At least ten people have been killed in a terrorist bombing this morning in Istanbul, at one of Turkey’s most popular tourist attractions.
Turkish government officials are saying that the strike was carried out by a 28-year-old Syrian national, whose name has not yet been released.
The explosion occurred at 10:20 a.m. local time in the historic Sultanahmet district, near the obelisk of Theodosius, a short distance from the “Blue Mosque” (formally, the Sultan Ahmed Mosque). At least 15 other people were wounded.
Assuming the accuracy of the government’s report that the culprit was a Syrian, and given the fact that the timing and location appear calculated to maximize carnage, particularly of Western tourists, there is a very high likelihood that the bombing was a jihadist operation. Terrorist attacks by the PKK, the Kurdish Communist separatist organization with which Turkey’s Islamist government is clashing, tend to be on government targets, not tourists.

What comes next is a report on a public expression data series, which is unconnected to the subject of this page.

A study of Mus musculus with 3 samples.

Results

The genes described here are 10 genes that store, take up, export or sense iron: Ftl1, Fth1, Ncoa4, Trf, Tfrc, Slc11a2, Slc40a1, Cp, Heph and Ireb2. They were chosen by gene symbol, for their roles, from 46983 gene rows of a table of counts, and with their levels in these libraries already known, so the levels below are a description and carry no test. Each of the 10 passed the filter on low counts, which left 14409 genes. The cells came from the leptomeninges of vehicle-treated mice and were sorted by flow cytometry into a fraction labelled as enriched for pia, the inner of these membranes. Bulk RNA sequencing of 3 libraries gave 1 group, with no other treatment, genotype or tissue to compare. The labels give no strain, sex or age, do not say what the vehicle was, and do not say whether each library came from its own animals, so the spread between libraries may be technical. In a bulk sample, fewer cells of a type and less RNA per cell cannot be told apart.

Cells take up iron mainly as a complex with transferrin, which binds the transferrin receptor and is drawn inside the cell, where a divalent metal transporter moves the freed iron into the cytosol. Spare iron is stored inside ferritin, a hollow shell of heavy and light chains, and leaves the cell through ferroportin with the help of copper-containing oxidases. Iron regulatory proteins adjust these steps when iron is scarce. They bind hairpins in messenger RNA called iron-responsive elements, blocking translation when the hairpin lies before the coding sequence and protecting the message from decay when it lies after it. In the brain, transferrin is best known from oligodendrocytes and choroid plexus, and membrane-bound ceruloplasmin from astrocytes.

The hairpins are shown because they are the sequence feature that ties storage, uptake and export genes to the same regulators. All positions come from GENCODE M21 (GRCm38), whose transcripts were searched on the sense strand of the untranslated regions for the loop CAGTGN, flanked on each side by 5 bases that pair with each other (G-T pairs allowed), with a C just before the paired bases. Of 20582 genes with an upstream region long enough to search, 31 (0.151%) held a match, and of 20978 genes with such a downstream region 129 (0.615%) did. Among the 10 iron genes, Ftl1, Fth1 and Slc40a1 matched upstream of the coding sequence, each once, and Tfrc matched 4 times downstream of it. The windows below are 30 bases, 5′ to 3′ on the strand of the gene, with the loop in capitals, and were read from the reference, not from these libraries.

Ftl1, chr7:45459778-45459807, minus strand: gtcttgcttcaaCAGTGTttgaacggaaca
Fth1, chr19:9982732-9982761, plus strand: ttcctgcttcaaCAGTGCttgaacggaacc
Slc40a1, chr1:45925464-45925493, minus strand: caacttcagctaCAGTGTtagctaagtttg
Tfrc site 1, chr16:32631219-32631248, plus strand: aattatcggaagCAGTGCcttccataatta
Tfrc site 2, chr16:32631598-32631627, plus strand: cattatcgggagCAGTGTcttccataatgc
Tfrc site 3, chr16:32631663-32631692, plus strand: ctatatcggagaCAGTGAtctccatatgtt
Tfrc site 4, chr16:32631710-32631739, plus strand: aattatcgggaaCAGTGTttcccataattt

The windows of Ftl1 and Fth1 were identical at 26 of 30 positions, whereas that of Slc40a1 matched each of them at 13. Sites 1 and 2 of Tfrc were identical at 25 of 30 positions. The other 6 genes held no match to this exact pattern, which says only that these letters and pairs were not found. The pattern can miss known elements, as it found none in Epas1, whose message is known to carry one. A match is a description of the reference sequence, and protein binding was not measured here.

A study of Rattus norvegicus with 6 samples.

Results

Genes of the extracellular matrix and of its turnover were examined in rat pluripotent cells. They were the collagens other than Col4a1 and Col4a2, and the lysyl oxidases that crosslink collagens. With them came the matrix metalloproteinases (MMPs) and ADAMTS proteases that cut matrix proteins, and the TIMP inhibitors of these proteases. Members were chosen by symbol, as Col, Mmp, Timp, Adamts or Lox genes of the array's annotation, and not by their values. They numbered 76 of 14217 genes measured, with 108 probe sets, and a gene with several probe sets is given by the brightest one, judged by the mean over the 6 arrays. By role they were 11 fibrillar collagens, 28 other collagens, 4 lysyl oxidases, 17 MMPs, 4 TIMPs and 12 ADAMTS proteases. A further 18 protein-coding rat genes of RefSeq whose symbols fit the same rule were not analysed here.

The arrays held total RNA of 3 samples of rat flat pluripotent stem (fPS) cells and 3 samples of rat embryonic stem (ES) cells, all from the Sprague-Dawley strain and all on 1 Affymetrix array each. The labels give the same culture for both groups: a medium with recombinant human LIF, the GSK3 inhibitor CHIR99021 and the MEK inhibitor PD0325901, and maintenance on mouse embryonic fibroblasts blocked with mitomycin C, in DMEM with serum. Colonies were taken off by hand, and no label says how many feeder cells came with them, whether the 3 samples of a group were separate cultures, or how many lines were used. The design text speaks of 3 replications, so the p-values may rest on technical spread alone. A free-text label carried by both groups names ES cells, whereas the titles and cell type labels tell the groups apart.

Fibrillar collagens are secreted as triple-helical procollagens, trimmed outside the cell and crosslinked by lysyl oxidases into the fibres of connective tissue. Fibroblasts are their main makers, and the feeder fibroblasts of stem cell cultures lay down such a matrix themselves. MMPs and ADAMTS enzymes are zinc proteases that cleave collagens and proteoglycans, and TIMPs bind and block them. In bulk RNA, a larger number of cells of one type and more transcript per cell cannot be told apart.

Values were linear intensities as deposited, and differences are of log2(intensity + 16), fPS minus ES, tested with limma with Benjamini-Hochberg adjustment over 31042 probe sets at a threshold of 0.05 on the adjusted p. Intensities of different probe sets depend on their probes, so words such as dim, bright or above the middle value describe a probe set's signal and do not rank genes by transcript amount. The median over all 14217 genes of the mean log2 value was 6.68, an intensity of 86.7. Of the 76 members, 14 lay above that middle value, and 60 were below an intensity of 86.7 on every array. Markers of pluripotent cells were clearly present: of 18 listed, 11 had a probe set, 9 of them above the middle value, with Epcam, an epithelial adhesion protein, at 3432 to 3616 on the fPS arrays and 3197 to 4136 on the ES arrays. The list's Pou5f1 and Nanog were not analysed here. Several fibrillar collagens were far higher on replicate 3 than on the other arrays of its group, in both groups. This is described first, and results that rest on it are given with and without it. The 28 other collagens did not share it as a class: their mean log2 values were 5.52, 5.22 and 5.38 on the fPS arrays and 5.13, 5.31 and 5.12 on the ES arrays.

The obvious suspects are the Islamic State (ISIS) and al-Qaeda’s Syrian franchise, al-Nusra. Both have exploited Turkey as a gateway to the jihad in Syria, as well as a haven for the arming and training of “rebel” forces fighting Syria’s Assad regime. The Islamist government of Turkey’s President Recep Tayyip Erdogan now bitterly opposes Assad, with whom it was formerly on good terms. The Erdogan government has been complicit in arming jihadists, contributing to the resurgence of al Qaeda and the rise of ISIS, a breakaway faction of al-Qaeda.
Initial reports after a terrorist attack are notoriously of suspect accuracy. In this instance, given Erdogan’s propensity to manipulate press coverage, we may have to wait before we can say with confidence who exactly is behind the attack. Meanwhile, Turkey is on alert for the possibility of more attacks, as are European states.